Paternity + Paternity:
Cultural representation of data
There is a paradox in the notion that scientific development can rehabilitate the idea of God.
Tpox/Toque is participatory talk/sound performance that is an open conversation with the audience as well as a live concert. The piece explores the boundaries between art, science and religious beliefs and it happens in two parts. The first part is a talk/discussion on concepts given by a set of guests: a geneticist, a Yoruba priest, a musician, a philosopher and myself. The second part consists of three musicians performing given scientific data -my family ́s DNA locus HTPOX- following the rules of ceremonial Yoruba drumming (batás).
Tpox/Toque plays with the idea of the supposed existence of meaning coded at a biological level to, ultimately, establish interpretation as a personal responsibility. The project is not a single piece but an ongoing research project on the nature of perception, consensual reality and the construction of meaning. The symbolic operations implemented in Tpox/Toque are based on the sequential re-framing of given data through the manipulation of its conventional framework: by changing the framework of its representation, the same data gets reformulated again and again, leading to different and usually contradicting interpretations.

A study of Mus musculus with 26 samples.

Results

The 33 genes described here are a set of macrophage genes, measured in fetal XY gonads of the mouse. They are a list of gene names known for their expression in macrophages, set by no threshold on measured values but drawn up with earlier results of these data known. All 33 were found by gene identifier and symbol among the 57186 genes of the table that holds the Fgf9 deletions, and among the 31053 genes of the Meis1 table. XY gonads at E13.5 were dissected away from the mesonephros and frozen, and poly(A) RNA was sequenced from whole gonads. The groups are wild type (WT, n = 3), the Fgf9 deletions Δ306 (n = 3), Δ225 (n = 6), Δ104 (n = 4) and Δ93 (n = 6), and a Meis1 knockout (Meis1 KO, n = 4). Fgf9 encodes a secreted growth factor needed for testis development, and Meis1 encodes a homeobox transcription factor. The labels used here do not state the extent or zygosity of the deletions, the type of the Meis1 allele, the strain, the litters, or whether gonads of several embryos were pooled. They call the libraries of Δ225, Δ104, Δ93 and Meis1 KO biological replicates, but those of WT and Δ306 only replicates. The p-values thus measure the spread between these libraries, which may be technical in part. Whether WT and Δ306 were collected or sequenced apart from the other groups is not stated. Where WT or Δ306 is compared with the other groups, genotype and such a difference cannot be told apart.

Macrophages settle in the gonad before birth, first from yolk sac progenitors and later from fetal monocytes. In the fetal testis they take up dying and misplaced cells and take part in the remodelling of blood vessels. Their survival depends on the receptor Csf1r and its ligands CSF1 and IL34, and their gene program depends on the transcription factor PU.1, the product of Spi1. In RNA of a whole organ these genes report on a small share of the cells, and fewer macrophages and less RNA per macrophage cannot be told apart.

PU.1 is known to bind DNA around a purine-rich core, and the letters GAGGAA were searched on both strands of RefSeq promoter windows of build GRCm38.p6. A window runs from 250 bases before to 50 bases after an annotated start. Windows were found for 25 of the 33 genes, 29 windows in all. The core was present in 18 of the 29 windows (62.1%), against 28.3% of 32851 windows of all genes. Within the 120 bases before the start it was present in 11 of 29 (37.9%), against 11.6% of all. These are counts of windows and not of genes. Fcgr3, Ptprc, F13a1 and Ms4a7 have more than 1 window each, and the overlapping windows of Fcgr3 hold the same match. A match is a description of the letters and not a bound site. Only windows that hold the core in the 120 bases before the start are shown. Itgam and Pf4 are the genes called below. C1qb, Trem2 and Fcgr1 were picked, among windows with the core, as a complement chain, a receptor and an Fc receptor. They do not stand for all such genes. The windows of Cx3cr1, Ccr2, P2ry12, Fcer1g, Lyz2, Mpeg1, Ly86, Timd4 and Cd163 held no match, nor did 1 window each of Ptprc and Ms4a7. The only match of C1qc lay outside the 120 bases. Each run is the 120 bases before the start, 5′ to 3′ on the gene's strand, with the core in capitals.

The project addresses the concept of “paternity” sequentially presenting the artist´s DNA Locus HUMTPOX (Human Thyroid Peroxidase gene used in forensic paternity tests) as scientific data, religious Afro Cuban objects and then ceremonial music. These multiple "translations" —from religion (sacred literature) to science (DNA sequencing) to art (sculptural objects and music) and back to religion (ceremonial rules)— seek to question our understanding and acceptance of the notion of “Truth". The operation is a literal translation without interpretation, a process where every contextual fact exists as a cultural event moving at the intersection of art, science and religion.